Small is beautiful


Get yer Jaguh runnin’

Easy riding in Malaysia

Hailing from Perak, in Malaysia, these guys are members of the Taiping Easy Riders Cruiser Club. I ran into them at a roadside stop on Highway 4, the East-West Highway. This, incidentally, is a terrific motorcycle road connecting Kota Bahru on the east coast with Penang on the western side. Unlike most Malaysian roads, it is not lined by lots of small towns and villages; it runs through some pretty untouched rainforest.

Thirty of the Taiping Easy Riders were lined up at the truckstop high in the hills. They were on their way to Kuala Lumpur for a weekend ride. At first sight, they looked pretty much like any cruiser club anywhere, making allowance for the fact that a lot of their modifications are clearly home-made. But then I took a closer look — there was something unusual about the scale of the bikes …

Baharuddin, the Prez, confirmed that the club’s bikes ranged from 175 to 750. He rides a Modenas Jaguh (“Champion”) 175 Single, a locally built cruiser introduced in 1999. It’s based on the popular Kawasaki Vulcan bikes (Modenas is part-owned by Kawasaki) and is aimed at riders who like cruisers but can’t afford to own large American or Japanese bikes. It seems there are very high taxes on imported bikes and, even if you decided to go into hock, the banks won’t finance loans on large motorcycles.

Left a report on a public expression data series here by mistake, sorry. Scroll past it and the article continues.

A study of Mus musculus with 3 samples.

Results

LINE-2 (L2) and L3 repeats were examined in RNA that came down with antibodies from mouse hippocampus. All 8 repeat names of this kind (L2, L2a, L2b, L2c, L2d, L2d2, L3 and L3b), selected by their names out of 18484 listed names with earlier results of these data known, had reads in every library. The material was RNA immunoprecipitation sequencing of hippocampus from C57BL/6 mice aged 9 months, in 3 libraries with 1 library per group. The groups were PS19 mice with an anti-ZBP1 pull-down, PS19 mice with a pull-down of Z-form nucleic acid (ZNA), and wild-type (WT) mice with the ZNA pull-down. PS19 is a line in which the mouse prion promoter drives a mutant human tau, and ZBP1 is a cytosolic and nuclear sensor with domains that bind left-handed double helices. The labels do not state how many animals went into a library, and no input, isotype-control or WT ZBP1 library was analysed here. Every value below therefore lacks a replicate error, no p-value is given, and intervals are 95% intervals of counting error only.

But the Jaguh is not, in fact, the most popular or most common bike in the club. That honour goes to the parallel twin Kawasaki Vulcan VN500, a small bike here in Australia but the equivalent of a Harley in Malaysia.

I got our photographer to snap a few of the guys with their bikes to show you what they’re doing with their rides over there. Baharuddin is the one with the blue bike — the others are all VN500s. The red bike is a Jaguh, too, photographed from the other side.

As you can probably see, the Taiping Easy Riders are not what you’d call an Outlaw club. The fluorescent vests are a bit of a giveaway. I suspect the Malaysian authorities would take a dim view as well — and when those people take a dim view, they let the viewee know about it in no uncertain terms. Given the background of their society, these blokes are real rebels!

If you’d like to see more of cruising, Malaysian style, take a look at their website: It’s mostly in Bahasa Malaysia, but what’s Babelfish for …?

Oh, and stay tuned to C+T because we also found some far weirder customisers and we’ll feature them some time soon as well.